Maryland’s 8th Congressional District has the highest proportion of science and engineering jobs in its workforce out of any district in the United States, according to a new report from the Information Technology Industry Council.
About 4.6% of the jobs in the district — which encompasses parts of Montgomery, Frederick and Carroll County — are in science and engineering, but the report found that the median U.S. district has less than 1% of such jobs.
ITI, a Washington, D.C.-based policy and advocacy organization, surveyed the country’s 435 congressional districts to measure how technological innovation affects the U.S. economy. It looked at 24 indicators across three main categories: exports of high-tech goods and services, workforce education and skills, and innovative ideas.
Ranking high for many of the indicators, Maryland’s 8th District also has the second-most total number of science and engineering workers with 13,895. That’s about 11,400 more jobs than the median district.
The number of STEM workers is three times the median, while the district’s public research and development funding — which totals $2.8 billion — ranks in the 96th percentile.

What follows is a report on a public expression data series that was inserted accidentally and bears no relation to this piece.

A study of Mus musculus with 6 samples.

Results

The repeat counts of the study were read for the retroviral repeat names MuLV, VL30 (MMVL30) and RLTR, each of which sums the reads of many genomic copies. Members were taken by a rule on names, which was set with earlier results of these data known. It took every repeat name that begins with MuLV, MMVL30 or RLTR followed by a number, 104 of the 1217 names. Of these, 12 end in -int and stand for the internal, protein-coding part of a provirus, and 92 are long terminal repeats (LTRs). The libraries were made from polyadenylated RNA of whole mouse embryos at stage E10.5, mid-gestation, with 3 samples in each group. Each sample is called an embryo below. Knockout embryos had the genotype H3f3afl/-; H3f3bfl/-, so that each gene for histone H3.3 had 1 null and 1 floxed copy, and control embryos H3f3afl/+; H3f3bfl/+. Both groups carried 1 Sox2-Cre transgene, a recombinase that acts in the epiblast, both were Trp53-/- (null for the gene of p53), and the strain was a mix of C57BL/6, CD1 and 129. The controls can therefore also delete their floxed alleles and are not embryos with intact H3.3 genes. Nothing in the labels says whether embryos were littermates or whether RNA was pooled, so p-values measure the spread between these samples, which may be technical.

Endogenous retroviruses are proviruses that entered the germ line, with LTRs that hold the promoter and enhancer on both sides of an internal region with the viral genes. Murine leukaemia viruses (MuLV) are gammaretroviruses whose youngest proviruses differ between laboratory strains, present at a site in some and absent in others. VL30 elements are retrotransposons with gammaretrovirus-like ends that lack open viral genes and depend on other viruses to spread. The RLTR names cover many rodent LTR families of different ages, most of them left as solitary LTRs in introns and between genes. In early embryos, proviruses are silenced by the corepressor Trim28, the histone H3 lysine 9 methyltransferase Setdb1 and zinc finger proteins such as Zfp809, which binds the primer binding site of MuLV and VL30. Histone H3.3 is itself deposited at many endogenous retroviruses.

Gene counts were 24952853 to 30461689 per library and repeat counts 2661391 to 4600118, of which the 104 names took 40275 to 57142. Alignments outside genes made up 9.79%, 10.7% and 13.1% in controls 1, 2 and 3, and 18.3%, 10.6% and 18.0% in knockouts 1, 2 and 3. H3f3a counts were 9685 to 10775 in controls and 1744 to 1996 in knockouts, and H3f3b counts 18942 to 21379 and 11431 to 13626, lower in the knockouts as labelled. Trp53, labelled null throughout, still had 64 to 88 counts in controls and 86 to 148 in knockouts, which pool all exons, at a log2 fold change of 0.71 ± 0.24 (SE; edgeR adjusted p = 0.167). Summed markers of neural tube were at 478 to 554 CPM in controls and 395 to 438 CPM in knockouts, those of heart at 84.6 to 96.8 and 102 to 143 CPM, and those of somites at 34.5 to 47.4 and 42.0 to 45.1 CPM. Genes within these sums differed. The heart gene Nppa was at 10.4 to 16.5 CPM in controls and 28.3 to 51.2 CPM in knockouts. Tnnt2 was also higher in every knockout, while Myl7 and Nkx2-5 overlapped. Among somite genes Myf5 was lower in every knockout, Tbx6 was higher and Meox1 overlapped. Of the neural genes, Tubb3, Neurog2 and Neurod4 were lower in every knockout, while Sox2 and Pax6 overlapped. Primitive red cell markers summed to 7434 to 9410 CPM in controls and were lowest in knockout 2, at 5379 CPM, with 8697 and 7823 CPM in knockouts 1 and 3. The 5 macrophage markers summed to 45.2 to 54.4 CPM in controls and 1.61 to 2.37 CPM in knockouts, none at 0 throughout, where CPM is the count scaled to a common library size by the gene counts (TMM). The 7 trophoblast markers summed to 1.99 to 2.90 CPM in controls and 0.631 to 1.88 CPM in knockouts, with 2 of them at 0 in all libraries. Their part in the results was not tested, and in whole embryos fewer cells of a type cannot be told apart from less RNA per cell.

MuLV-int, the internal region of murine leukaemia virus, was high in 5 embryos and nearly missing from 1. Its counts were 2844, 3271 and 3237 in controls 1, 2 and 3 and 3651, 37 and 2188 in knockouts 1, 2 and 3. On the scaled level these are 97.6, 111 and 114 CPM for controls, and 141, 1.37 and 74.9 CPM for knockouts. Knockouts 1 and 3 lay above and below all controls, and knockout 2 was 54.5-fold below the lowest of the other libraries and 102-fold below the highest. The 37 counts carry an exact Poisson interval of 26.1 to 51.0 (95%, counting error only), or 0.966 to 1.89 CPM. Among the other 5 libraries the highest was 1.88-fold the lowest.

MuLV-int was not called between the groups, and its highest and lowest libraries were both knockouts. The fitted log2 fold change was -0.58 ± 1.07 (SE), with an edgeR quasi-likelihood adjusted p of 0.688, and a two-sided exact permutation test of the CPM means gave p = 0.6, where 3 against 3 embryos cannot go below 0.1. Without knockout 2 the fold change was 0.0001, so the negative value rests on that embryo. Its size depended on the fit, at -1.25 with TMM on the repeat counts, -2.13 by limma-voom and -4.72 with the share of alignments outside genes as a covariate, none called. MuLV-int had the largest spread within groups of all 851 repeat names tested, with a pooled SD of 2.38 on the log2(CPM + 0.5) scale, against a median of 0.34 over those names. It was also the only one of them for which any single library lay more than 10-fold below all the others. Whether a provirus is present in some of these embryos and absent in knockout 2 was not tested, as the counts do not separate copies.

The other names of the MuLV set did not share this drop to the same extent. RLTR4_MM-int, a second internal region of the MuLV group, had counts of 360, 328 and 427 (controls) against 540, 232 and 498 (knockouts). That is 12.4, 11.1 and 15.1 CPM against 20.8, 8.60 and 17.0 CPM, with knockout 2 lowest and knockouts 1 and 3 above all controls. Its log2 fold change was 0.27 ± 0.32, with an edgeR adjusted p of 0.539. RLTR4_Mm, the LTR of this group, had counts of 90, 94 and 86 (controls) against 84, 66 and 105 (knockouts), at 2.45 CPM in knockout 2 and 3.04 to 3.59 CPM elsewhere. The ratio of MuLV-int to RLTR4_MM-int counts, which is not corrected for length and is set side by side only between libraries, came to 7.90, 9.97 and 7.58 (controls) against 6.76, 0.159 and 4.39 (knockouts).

Rep. Jamie Raskin, the district’s congressman, said in a statement that it’s an honor to represent an area that’s “home to so many diverse, talented, and innovative minds.”
Following the high ranks for his district in the report, Raskin stressed the importance of encouraging STEM education and sustaining public funding in related fields:
Maintaining robust federal funding for R&D and nurturing a dynamic STEM workforce are goals critical to keeping us at the forefront of innovation and competitiveness. As our global competitors invest in their workforces, we should ambitiously build on our efforts to help more female and minority students pursue their passions in STEM careers. I am committed to working with our startups, businesses, universities, and state and local leaders to continue growing high-tech jobs in Maryland.